Haute SpotCelebrating “The High Season”
There’s glitz and glamour galore in-season on the East End, as communities across the North and South Forks play host to the world’s rich and famous. While heady times for some, the transition often comes at a steep price for those who make the tip of Long Island their primary home.
But a rising tide lifts all boats, and with the arrival of the summer people comes incredible opportunity. And although the area’s pace quickens a bit as the fortunes are spread, there’s always time for year-rounders to enjoy the good life again come Tumbleweed Tuesday.
Perfectly capturing the essence of the struggles and the celebrations that come during the precious three months of sun and fun on the East End is Judy Blundell’s debut adult novel, “The High Season,” which hits bookshelves just in time for the summer. Set on the North Fork, and informed from the National Book Award for Young People’s Literature-winning author’s time spent in Montauk and Orient, the book tells the story of museum director Ruthie Beamish, who “has the perfect life. She just has to give it up every summer” in order to rent it out so she can afford it.
“Every summer Ruthie gave away her house by the sea,” the book opens. “During the month of May, she packed and polished. … Anything threadbare or worn dumped into one of the summer boxes and sealed with squealing tape. T-shirts had been whisked off hooks and the backs of bathroom doors, and fragrant chunks of Provençal soaps nestled in blue-and-white bowls by the sinks.”
A love letter to the laid-back lifestyle and the places that we all call home—whether for good or only a few too-quick couple of months—the page-turning novel perfectly illustrates Ruthie’s tug-of-war between the financial windfall she receives from the rental fees and the annual “summer bummer” hardship that comes with uprooting her entire family and life for it. Especially when this year’s lessee sets her hooks in our heroine’s almost ex-husband.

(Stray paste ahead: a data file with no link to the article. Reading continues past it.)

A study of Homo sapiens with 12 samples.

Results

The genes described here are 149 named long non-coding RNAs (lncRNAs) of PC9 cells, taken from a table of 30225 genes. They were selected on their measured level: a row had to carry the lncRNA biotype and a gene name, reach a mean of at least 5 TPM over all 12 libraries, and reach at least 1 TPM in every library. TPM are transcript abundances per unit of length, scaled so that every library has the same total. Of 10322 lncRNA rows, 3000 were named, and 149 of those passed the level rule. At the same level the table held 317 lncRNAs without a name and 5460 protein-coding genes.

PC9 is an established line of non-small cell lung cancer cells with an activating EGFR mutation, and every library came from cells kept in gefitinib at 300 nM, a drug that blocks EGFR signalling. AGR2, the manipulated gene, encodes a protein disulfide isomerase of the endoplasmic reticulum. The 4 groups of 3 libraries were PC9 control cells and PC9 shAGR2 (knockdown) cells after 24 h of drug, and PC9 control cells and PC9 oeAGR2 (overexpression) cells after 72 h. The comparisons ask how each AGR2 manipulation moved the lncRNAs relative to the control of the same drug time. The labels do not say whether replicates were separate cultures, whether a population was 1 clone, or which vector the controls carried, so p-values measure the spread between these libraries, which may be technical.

Ms. Blundell, who is happily married to Long Island Museum Stony Brook Director Neil Watson, lived in Montauk for a year with her husband during the beginnings of their marriage in the early 1980s. Since, the couple and their daughter have spent many happy times on both Forks. For “The High Season,” which was approximately a decade in the making but took about a year to write, they returned, renting homes in Orient while writing and later for revisions.
The summers are great, the author says. But she really enjoys the solace and the peace that comes from being out east during the less populated times.
“You live so differently out here in the summer, depending on if you’re a year-rounder or seasonal renter,” says Ms. Blundell, who now lives in Stony Brook. “The thing to remember is that we need the summer. But we’ve got the fall and spring too. And you can walk on the beach in February and it’s still fabulous!”
In “The High Season,” the author has tapped into a deep knowledge of place and time. Much more complex than the average beach read, it’s also quite compelling, thanks to her considerable experience as a young adult and middle-grade book writer. Her titles include “What I Saw and How I Lied” and a few dozen of the “Star Wars” prequel-era books, such as the journals of Princess Leia, Queen Amidala and Darth Maul under the name Jude Watson for LucasBooks.
Currently, she’s hard at work on another adult novel. But her time as a YA writer has served her well, reports Ms. Blundell.
“Coming from children’s books to adults, you really learn how to keep a plot moving so you don’t lose your reader,” she says. “I specifically wanted to take that idea of a propulsive plot and marry that with the sensibility of a literary novel. I wanted it to be fantastically fast-paced, but also in-depth, because that is what you want in a good summer read.”